By | Published on Friday 24 May 2019

Richard Ashcroft

Last year, Richard Ashcroft said in an interview that he planned to claw back the song royalties for Verve song ‘Bitter Sweet Symphony’, which he’d have to give up in the 1990s when the licensing of the string sample in the recording didn’t go his way. At the time it just seemed like the latest outlandish and unlikely thing he’d said in a run of bizarre interviews around the release of his latest solo album. But, you know what, he’s actually gone and done it.

In a statement yesterday, Ashcroft said: “It gives me great pleasure to announce as of last month Mick Jagger and Keith Richards agreed to give me their share of the song ‘Bitter Sweet Symphony’. This remarkable and life affirming turn of events was made possible by a kind and magnanimous gesture from Mick and Keith, who have also agreed that they are happy for the writing credit to exclude their names and all their royalties derived from the song they will now pass to me”.

How Ashcroft came to lose the publishing rights in his most successful song when it was released in 1997 is quite complicated. But basically, it relates to the four second string sample on his band’s recording of it, which was lifted from an instrumental version of ‘The Last Time’ by The Rolling Stones, recorded by the Andrew Loog Oldham Orchestra.

The publishing rights for that song were owned by the company of former Stones manager Allen Klein, aka ABKCO. Klein – who was vehemently against sampling – eventually agreed to grant a licence on the songs side for the Verve release (a licence for the recording already being in place) on the condition that Ashcroft sign over all of his publishing rights in ‘Bitter Sweet Symphony’.

Unfortunately this all happened after CD copies of the album had been pressed and Ashcroft’s negotiating position was not good. Once the deal was done and the song a hit, ABKCO made sure it exploited these rights as much as possible – much to the annoyance of The Verve, who felt it was becoming over played.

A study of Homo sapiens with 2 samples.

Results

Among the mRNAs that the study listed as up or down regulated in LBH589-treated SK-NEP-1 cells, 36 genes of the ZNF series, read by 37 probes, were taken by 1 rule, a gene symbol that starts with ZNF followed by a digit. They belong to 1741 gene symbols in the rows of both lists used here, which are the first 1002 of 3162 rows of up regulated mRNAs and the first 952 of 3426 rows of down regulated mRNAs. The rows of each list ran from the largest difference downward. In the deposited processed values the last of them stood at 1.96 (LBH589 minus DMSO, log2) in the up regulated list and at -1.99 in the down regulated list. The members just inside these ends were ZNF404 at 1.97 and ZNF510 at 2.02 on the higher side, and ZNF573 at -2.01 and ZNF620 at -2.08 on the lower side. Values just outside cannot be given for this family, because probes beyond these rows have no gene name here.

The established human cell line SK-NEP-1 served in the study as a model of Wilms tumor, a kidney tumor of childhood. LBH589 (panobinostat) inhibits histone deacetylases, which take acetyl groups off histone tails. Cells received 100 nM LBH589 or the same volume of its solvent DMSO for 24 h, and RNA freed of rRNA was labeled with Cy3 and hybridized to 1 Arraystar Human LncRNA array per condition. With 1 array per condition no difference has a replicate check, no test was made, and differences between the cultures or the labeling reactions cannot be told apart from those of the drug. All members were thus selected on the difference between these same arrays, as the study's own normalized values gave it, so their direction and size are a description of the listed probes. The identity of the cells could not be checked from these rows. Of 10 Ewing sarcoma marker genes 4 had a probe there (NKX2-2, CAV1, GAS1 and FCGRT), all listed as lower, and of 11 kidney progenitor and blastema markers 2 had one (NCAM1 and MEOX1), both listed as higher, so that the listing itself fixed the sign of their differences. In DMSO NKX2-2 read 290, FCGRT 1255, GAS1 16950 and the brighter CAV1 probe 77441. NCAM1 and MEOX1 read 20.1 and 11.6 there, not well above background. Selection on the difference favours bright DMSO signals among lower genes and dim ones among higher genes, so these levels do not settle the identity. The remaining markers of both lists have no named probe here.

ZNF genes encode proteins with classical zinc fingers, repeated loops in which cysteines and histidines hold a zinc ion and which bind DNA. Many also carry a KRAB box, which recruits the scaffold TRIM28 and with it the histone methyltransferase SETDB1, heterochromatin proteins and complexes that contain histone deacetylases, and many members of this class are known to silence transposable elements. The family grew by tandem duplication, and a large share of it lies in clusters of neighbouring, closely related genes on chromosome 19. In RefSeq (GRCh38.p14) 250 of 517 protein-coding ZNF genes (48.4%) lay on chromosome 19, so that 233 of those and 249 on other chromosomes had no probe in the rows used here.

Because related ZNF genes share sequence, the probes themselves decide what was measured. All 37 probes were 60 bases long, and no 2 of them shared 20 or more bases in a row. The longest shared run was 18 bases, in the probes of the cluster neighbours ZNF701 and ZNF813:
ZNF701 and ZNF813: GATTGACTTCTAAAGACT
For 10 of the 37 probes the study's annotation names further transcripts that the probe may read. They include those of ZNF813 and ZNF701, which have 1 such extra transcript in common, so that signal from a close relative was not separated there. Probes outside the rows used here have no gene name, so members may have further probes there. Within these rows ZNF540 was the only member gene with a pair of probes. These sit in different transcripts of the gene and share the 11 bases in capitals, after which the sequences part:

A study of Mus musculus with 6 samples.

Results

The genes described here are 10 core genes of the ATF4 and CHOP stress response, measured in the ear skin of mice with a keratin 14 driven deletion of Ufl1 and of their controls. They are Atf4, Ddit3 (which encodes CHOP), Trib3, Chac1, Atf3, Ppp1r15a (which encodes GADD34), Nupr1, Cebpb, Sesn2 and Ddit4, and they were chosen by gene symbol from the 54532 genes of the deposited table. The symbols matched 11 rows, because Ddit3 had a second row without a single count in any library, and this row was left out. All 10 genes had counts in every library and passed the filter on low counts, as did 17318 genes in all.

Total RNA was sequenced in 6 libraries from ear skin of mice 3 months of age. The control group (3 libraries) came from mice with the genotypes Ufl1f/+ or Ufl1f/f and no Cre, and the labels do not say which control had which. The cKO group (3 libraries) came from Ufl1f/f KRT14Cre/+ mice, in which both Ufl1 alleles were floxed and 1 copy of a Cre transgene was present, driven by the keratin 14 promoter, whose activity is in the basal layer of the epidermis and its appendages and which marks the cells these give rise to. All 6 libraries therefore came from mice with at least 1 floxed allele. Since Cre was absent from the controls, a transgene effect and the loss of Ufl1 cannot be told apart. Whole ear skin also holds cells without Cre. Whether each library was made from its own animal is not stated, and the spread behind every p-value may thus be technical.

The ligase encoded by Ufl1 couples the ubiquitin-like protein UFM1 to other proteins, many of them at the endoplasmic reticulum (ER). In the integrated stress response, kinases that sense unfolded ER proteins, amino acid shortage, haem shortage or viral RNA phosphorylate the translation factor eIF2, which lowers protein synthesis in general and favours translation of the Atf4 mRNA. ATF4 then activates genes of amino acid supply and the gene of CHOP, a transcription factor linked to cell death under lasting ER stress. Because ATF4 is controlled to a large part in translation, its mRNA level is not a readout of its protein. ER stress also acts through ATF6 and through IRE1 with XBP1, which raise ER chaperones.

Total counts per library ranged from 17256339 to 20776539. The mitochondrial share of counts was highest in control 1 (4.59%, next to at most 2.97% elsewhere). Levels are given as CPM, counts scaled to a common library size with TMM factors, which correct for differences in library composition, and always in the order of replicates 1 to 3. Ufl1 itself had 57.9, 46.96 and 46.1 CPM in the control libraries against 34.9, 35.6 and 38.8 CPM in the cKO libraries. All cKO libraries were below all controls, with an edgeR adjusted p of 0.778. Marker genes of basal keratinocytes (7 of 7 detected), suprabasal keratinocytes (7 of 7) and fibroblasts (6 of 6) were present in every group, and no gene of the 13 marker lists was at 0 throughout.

Speaking last year, Ashcroft said: “I’m coming for that money. Someone stole god knows how many million dollars off me in 1997, and they’ve still got it. In terms, in normal basic terms, I don’t care where you come from, that’s a serious matter”.

Subsequently, Ashcroft’s management decided to attempt to appeal to Jagger and Richards’ better nature and secure the return of the rights in the song.

Despite having been told by those in the know that there was no chance of this plan succeeding, a press release says that the Stones duo actually “immediately, unhesitantly and unconditionally agreed”. They have also agreed to drop their writing credits on the hit, “kindly acknowledging that as far as they are concerned it is Richard’s song”.

Quite what this means specifically regarding the ownership of ‘Bitter Sweet Symphony’ as of now isn’t clear. This is partly because of the complexities of song copyright ownership, partly because of Ashcroft’s slightly ambiguous comment, and partly because of an accompanying statement that said that Jagger and Richards had “agreed that – to the extent it is within their power – [to give Ashcroft] his song back”.

That may well mean that ABKCO will still have its stake in and earn from the song, but all and any writer share royalties – whether due through the collective licensing system or via the publisher – will go to Ashcroft. A request for more clarity has so far not been answered, possibly because we’re the only people in the world who are actually interested in precise copyright technicalities of this kind.

Continuing his statement yesterday, Ashcroft said: “I would like to thank the main players in this, my management Steve Kutner and John Kennedy, the Stones manager Joyce Smyth and Jody Klein – for actually taking the call – [and] lastly a huge unreserved heartfelt thanks and respect to Mick and Keith. Music is power”.

The announcement coincided with Ashcroft receiving the Outstanding Contribution To British Music prize at yesterday’s Ivor Novello Awards. Must have been nice not to have to share that with Mick and Keith.